Learn to Hunt
Report Your Harvest
Current Fishing Report
Taking Kids Fishing
Iowa's natural resources plates include the state bird and flower, pheasant, eagle, buck and a Brook trout. Support conservation in Iowa by buying a natural resource plate for your vehicle.
Natural Resource Plates
Experience Iowa's natural beauty and all the fun our state parks offer. Make your online reservation for state park cabins, camping sites, shelters and lodges.
Support conservation in Iowa by buying a natural resource plate for your vehicle.
Natural Resource Plates
Iowa DNR Customer Service
Mon - Fri, 8:00am - 4:30pm CST
Submit Online Inquiry
Information / Records Requests
Contact Information by County
Press/Media inquiries: PIO@dnr.iowa.gov
With Iowa’s shotgun deer seasons in the rearview mirror, hunting deer returns to a more solidary experience with late muzzleloader season and the reopening of the archery season.
Around 25,000 hunters participate in the late muzzleloader season which accounts for about 10 percent of the overall deer harvest. The late muzzleloader and archery deer seasons close on Jan. 10, 2023.
“We’re right on track with the deer harvest as compared to last year,” said Jace Elliott, state deer biologist for the Iowa Department of Natural Resources. “The deer harvest during the first shotgun season was the highest in five years at more than 25,000, and the second season harvest was similar to last year at around 20,000. Iowa’s strong deer numbers in combination with relatively good weather made for productive shotgun seasons this year.”
Hunters looking to extend their time in the timber can purchase a county specific antlerless deer tag for the late muzzleloader or archery season currently available in 22 counties.
Counties with unsold antlerless deer tags on Jan. 10, 2023, will be open for the excess tag January antlerless-only season. Only centerfire rifles .223 to .500 caliber with a published or calculated muzzle energy of 500-foot pounds or higher are allowed in this season. The excess tag January antlerless season was created by the Iowa legislature in the 2022 session. The season runs from Jan. 11-22, 2023. These tags go on sale Jan. 10 and due to the compressed timeline, they will not be available online.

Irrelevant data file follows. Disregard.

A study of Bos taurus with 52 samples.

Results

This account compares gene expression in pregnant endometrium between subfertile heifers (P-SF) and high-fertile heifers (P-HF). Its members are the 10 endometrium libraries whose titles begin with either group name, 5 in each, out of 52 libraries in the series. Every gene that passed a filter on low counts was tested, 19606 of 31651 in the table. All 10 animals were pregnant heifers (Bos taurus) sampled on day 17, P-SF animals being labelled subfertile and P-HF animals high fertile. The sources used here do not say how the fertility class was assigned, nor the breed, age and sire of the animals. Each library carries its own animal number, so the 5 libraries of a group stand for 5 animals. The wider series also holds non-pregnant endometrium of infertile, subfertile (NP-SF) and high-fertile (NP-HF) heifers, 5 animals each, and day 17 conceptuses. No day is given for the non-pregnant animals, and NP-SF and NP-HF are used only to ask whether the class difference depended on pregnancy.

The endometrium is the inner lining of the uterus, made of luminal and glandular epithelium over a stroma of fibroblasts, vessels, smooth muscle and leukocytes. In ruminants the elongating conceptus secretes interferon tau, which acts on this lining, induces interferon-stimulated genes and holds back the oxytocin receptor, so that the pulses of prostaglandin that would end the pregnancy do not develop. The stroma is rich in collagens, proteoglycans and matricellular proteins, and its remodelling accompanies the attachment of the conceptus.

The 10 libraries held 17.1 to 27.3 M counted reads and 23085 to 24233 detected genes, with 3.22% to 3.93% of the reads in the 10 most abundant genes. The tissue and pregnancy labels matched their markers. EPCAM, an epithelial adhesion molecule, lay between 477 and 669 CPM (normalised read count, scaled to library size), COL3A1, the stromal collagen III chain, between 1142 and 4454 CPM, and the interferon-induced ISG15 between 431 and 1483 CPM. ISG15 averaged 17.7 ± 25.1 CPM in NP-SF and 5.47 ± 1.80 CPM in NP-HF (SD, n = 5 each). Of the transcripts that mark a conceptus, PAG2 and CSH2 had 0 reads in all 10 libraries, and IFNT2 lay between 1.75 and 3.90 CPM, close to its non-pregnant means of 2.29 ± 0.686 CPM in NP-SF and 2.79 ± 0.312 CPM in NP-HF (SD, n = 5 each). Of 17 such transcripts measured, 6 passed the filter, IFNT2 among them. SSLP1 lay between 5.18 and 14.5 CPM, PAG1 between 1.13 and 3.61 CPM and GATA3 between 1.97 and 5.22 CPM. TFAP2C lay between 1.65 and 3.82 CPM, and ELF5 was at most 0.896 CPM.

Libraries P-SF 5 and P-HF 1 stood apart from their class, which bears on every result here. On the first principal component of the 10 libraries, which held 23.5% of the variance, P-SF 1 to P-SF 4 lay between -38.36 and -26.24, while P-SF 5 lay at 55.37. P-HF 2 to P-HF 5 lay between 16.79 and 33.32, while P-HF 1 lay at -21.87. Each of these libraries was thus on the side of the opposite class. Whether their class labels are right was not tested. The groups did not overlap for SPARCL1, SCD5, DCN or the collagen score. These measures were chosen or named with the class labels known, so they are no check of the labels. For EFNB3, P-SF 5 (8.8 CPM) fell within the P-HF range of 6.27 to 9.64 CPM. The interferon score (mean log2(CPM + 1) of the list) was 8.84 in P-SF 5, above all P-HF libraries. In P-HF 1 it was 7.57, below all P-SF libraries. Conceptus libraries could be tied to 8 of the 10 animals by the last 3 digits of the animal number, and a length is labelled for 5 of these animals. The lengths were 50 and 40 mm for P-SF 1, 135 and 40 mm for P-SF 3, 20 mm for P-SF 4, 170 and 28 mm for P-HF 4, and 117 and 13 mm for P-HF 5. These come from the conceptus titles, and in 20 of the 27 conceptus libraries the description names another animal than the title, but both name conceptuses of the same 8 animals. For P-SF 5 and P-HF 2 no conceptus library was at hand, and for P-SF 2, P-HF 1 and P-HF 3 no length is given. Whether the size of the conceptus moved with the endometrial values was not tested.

Hunters may also participate in the population management antlerless season in Allamakee, Appanoose, Decatur, Monroe, Wayne and Winneshiek counties. These counties met the requirement of having 100 or more antlerless licenses on the third Monday in December. Shotguns, handguns, muzzleloaders, bows, crossbows, and centerfire rifles .223 and larger may be used in the population management antlerless season. The season runs from Jan. 11-22, 2023. Tags for the population management antlerless season went on sale Dec. 19.
Hunters who bag a deer are required to report their harvest by midnight on the day after it is tagged, or before taking it to a locker or taxidermist or before processing it for consumption or transporting it out of state.
“Harvest reporting provides us critical data to responsibly manage this population. Annual harvest is a major component of how we model the deer population in Iowa, which informs important management decisions. By reporting their harvest, hunters are contributing to the success of our deer management program,” Elliott said.
To date, hunters have reported more than 93,000 deer through the harvest reporting system.
Chronic wasting disease
Samples from more than 4,600 deer from across Iowa have been collected for chronic wasting disease testing. Of those, 1,100 samples have been processed, with 11 deer testing positive. Surveillance results are available in real-time at https://www.iowadnr.gov/Hunting/Deer-Hunting/Deer-Health/Chronic-Wasting-Disease/Surveillance-Results.
Nine of the 11 samples were confirmed positive; two samples are considered suspect and are undergoing additional testing. The nine confirmed positive deer was from Allamakee, Appanoose, Clayton and Wayne counties. The two suspect positive deer were from Allamakee and Plymouth counties. Plymouth County in western Iowa would be the 13th county where the disease had been found. Chronic wasting disease is always fatal.
Samples collected from the shotgun seasons are still getting tested. Results are expected within a few weeks. Most of the counties have met the sample quota. Hunters interested in having their deer tested after the sample quotas are met or have a fawn or other lower priority deer, have the opportunity to get it tested on their own. Step by step instructions are available at https://www.iowadnr.gov/Hunting/Deer-Hunting/Deer-Health/Chronic-Wasting-Disease/Hunter-Submission-Pathway. Hunters will need to contact their local wildlife staff to begin the process. Wildlife staff contact information and unit boundary map is available on p. 52 of the hunting regulations.